A series of online seminars has highlighted recent research related to Mongolia, including on the likely site of Chinggis Khan’s ordu and the use of traditional Mongolian verbal art to deliver Covid-19 health messages.
In May, the ANU Mongolia Institute began fortnightly virtual events during which experts presented recent research or fieldwork on a topic related to Mongolia or the Mongolian diaspora.
Institute Director Dr Jack Fenner said the lunchtime seminar series was initially set up as a way to keep in contact during the pandemic.
“I’m very pleased with the response, especially from our international colleagues who have joined the sessions,” he said.
“There’s so much interesting work being done on Mongolia and the Mongolian diaspora; the presentations have used anthropology, archaeology, political science and linguistics and featured film, music and photography.”
Four online seminars were held during semester one, including a special panel held in collaboration with the School of Public Policy and Global Affairs (University of British Columbia) ahead of the 2020 Mongolian election.
The panel featured Associate Professor Julian Dierkes the University of British Columbia, in Vancouver, Canada; Dr Byambajav Dalaibuyan, Director of the Mongolian Institute for Innovative Policies; Badamdash Dashdavaa, a Director of the Parliamentary Research Institute; and Professor Li Narangoa, from the Australian National University.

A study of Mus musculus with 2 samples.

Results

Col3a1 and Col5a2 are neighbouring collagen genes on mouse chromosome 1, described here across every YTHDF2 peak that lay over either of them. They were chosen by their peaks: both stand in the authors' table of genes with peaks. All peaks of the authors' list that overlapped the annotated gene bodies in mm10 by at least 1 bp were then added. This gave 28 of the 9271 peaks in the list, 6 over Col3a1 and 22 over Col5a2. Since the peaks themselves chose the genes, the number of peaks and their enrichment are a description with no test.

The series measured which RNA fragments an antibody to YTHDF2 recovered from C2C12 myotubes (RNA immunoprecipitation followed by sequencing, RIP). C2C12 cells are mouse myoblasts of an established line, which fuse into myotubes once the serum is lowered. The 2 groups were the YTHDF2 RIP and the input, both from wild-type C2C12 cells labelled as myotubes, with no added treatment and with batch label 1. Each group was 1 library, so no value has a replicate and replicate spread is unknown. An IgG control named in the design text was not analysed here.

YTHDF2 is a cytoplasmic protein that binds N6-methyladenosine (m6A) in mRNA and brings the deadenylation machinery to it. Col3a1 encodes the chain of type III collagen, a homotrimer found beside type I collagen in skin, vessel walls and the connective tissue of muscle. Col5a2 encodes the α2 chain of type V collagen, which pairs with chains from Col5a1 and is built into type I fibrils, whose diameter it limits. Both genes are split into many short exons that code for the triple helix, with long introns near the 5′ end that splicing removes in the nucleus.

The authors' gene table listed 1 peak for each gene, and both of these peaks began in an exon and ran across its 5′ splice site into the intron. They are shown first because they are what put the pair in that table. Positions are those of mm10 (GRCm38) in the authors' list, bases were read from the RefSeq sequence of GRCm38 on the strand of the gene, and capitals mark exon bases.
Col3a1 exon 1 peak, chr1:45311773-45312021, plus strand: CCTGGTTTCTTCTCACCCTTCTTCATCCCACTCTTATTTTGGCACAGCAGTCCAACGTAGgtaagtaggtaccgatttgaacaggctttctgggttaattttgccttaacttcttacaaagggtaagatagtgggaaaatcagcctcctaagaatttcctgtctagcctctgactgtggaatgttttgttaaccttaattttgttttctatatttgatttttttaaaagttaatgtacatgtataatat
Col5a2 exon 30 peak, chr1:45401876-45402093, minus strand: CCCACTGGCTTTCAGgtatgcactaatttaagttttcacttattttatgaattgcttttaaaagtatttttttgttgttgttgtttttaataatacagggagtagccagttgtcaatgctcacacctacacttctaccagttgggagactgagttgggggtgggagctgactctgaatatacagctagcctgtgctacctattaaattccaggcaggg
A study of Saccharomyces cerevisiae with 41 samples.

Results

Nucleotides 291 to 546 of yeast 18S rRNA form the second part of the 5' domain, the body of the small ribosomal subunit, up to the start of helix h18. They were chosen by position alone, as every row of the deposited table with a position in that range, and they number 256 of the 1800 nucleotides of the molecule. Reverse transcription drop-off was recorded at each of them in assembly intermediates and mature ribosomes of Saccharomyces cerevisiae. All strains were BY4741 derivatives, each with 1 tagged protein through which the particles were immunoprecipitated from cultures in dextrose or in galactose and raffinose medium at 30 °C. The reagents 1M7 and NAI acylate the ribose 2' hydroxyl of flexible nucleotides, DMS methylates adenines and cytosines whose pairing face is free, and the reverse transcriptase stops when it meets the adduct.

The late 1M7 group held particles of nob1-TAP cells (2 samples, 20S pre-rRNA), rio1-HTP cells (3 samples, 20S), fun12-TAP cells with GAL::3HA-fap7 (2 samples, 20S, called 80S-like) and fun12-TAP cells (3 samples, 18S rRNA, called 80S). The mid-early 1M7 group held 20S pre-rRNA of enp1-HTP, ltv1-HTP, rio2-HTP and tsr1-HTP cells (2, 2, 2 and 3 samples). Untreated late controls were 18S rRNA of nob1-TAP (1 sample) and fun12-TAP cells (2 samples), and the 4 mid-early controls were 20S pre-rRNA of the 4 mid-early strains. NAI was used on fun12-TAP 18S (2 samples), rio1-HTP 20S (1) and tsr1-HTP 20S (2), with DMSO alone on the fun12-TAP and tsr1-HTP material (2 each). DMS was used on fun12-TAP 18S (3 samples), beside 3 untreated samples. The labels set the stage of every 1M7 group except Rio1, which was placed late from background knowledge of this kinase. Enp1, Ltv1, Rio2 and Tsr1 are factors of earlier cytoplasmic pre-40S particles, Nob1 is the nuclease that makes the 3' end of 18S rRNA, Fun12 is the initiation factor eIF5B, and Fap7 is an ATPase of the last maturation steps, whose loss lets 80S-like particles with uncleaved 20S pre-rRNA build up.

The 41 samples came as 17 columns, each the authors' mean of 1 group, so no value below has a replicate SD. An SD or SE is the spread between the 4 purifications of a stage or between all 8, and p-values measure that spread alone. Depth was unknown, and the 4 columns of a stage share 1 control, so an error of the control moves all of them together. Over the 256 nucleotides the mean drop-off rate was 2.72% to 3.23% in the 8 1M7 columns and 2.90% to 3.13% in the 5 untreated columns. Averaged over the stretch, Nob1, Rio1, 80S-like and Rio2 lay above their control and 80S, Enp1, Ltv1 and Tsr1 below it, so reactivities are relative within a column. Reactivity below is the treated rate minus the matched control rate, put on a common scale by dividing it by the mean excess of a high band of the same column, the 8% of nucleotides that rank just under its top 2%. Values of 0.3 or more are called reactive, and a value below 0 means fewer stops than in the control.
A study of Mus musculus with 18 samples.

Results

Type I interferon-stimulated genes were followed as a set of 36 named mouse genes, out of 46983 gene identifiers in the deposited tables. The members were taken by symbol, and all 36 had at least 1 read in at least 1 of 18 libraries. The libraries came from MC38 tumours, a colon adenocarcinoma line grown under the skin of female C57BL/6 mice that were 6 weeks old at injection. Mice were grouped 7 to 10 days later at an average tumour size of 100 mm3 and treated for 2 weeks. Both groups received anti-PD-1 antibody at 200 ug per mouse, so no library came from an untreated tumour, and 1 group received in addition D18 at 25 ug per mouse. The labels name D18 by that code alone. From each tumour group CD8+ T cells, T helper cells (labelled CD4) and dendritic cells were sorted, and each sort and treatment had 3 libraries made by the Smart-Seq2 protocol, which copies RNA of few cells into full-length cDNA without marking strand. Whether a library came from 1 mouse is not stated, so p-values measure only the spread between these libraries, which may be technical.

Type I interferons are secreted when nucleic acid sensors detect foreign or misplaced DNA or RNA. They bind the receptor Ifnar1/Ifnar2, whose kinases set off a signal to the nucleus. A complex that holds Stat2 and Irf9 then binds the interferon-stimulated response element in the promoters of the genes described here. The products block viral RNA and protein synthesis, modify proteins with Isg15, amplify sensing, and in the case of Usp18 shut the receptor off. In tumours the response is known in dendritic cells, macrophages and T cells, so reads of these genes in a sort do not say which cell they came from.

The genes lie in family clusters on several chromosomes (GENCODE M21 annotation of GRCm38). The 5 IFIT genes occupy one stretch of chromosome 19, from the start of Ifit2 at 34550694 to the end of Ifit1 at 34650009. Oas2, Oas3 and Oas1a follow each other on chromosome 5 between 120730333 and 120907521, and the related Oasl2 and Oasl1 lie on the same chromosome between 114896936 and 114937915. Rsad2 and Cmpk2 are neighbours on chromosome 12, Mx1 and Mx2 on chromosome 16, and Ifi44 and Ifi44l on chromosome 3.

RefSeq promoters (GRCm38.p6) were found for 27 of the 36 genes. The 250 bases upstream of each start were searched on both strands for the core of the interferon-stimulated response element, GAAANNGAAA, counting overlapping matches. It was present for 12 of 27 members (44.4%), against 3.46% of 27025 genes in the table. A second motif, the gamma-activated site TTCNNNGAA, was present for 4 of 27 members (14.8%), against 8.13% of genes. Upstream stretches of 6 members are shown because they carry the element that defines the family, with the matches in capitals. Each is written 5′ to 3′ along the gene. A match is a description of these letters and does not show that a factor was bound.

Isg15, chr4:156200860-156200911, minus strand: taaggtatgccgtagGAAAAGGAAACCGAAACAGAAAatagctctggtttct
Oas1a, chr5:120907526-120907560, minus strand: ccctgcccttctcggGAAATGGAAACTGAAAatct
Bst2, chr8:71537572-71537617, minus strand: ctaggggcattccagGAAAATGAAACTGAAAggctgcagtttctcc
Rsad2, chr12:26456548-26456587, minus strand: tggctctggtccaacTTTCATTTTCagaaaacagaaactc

Other seminars included a presentation from Dr Natasha Fijn on the significance of the marmot and the plague to herding communities in Mongolia, and from Dr Fenner on recent dating and diet work related to the Avraga archaeological site in eastern Mongolia.
Dr Gegentuul Baioud, from the Department of Linguistics at Macquarie University, presented a seminar on the transformation of Mongolian verbal art in contemporary Inner Mongolia, exploring the recontextualisation of khuuriin ülger (“fiddle story”) by Mongolian folk singers in the context of the spread of Covid-19.
Dr Fenner said the seminar series would resume in second semester.
The Mongolia Institute is also planning an online capstone event late in the year that will include discussions about the wider Inner and Central Asia region.